The rural sector in Kent suffered a decline in turnover last year as supermarkets squeezed prices on suppliers – but improved profits as technology reduced labour costs. Revenues in agriculture and horticulture across the county fell 6% to £476 million last year despite a 23% boost to EU subsidies to about £44.4 million following the fall in the value of sterling. Turnover is down 18% since 2013, according to research by pressure group Rural plc Kent.
Director Mark Lumsdon-Taylor, who is deputy chief executive and principal of Hadlow Group, said: “Prices are being squeezed. The rate of return suppliers have had have been less positive over the last year than the year before. Supermarkets have been applying a price squeeze on their suppliers over the last 12 months.” He also blamed the fall in turnover on a consolidation in the rural market “principally in the arable farming industry. The dairy sector went through that a few years ago when the price more than halved,” he added. “As a result turnover has been substantially impacted.”
Despite the drop in income, the rural sector nearly doubled pre-tax profits to £55.1 million compared to 2016, although it is still less than half the £142.3 million surplus of 2013. This came as the sector reduced costs.
Rural plc Kent chairman Mike Bax said: “Costs were down due to reduced food and fertiliser prices but also because businesses have been forced to get leaner and meaner every year.”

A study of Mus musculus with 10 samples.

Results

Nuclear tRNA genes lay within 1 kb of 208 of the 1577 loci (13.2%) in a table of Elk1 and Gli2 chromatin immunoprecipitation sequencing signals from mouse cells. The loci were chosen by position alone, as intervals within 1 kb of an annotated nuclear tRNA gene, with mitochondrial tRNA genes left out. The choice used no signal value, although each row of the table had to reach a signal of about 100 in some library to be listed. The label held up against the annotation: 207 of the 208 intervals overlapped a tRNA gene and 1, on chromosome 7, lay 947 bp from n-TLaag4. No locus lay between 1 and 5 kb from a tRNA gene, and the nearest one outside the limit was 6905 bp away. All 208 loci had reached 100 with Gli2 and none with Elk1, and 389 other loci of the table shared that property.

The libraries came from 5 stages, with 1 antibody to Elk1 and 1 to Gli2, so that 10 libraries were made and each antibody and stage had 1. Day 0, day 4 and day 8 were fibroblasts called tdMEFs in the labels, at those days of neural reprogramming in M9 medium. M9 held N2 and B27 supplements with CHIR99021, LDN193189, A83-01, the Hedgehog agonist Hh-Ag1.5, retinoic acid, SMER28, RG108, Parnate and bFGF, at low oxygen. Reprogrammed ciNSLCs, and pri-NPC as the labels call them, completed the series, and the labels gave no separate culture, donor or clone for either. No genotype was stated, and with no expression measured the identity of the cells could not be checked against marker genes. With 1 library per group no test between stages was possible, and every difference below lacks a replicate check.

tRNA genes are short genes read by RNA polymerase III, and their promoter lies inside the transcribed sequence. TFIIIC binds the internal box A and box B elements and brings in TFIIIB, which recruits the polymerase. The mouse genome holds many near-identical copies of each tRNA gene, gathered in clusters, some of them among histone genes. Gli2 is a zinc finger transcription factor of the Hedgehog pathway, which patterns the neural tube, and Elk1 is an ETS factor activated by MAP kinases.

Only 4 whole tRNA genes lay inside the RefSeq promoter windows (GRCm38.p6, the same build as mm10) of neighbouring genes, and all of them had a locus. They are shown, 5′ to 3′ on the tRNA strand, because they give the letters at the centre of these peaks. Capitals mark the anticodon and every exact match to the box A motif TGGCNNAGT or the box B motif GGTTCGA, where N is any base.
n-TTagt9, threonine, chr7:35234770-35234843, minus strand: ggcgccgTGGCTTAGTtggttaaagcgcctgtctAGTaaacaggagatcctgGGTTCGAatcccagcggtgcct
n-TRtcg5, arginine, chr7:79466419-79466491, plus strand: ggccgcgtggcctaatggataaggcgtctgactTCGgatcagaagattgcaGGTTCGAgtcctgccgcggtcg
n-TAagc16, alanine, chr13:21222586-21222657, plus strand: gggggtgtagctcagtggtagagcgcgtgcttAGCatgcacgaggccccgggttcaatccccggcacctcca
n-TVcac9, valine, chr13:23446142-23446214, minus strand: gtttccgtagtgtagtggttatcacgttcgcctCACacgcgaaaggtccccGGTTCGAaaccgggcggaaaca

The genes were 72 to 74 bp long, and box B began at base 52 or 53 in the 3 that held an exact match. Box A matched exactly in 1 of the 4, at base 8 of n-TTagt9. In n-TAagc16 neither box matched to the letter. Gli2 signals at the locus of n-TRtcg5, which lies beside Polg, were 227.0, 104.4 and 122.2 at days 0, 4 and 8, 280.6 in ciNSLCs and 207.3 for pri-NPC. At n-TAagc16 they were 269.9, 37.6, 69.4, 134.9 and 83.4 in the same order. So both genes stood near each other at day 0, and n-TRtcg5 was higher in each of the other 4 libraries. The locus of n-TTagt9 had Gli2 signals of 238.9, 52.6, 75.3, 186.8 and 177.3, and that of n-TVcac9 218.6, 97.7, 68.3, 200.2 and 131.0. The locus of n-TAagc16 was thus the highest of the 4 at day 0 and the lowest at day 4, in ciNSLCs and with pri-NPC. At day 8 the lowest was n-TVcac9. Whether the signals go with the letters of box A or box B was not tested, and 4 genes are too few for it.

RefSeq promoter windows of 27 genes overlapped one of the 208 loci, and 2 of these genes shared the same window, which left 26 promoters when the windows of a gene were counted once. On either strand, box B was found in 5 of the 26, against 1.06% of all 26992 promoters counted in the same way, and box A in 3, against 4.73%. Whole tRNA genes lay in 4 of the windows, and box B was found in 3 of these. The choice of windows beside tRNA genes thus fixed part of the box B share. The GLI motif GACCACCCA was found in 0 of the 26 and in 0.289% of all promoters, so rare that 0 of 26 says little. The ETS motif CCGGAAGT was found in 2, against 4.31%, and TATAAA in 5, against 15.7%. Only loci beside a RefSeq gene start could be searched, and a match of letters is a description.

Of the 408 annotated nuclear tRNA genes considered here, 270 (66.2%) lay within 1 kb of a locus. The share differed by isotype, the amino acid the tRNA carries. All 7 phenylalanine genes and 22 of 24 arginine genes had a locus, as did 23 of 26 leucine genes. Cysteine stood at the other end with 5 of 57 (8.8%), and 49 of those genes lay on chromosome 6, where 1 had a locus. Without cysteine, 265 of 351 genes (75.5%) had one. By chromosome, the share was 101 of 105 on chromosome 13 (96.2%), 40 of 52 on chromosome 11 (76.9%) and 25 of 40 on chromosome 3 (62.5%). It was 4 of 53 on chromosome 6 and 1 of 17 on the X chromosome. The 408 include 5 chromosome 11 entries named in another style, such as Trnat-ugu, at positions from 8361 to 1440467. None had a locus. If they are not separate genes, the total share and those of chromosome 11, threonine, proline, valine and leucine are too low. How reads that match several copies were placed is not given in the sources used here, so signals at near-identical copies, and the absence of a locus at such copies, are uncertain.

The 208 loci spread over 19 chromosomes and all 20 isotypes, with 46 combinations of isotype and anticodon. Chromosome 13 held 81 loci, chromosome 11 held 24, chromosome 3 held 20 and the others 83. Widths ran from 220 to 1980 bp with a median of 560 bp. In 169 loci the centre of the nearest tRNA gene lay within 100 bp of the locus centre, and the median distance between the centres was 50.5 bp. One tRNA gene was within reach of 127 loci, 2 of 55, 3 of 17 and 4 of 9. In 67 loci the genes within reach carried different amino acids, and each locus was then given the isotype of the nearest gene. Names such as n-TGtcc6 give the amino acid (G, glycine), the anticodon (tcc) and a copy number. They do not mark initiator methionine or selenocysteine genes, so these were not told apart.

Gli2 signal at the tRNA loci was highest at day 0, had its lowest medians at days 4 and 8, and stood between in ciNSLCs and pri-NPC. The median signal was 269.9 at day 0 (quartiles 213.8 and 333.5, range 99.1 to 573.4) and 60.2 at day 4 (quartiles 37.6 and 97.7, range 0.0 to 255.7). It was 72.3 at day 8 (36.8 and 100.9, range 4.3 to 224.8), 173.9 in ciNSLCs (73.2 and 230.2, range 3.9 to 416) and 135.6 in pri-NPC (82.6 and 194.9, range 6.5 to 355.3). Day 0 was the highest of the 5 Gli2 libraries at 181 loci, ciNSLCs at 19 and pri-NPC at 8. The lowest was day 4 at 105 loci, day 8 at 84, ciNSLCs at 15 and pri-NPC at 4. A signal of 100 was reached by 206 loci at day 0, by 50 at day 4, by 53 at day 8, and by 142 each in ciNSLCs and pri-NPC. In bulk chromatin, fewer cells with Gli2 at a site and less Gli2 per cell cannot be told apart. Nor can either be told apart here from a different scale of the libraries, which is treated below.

Mr Lumsdon-Taylor added: “There has been an element of mechanisation, too, across the sector. The fruit industry had been screaming for technology. Now there are robotic pickers and packers. We didn’t have all that 10 years ago. There is improving margins through the mechanisation of the sector and the reduction in the labour workforce. There is more opportunity for the industry to improve profitability through EU grants and diversification. Regarding their core work, they will only improve profitability through consolidation.”
Rural plc Kent said the sector’s net assets of about £6 billion would place it around 60th in the FTSE 100 if it were a listed company, although this is down from £6.4 billion last year. Mr Bax said: “That reduction is certainly due to the shedding of land values in less productive areas. Values held up in the north Kent fruit belt but shied away on the heavier land of the Weald. Still, net assets of £6 billion is a very comfortable place to be.”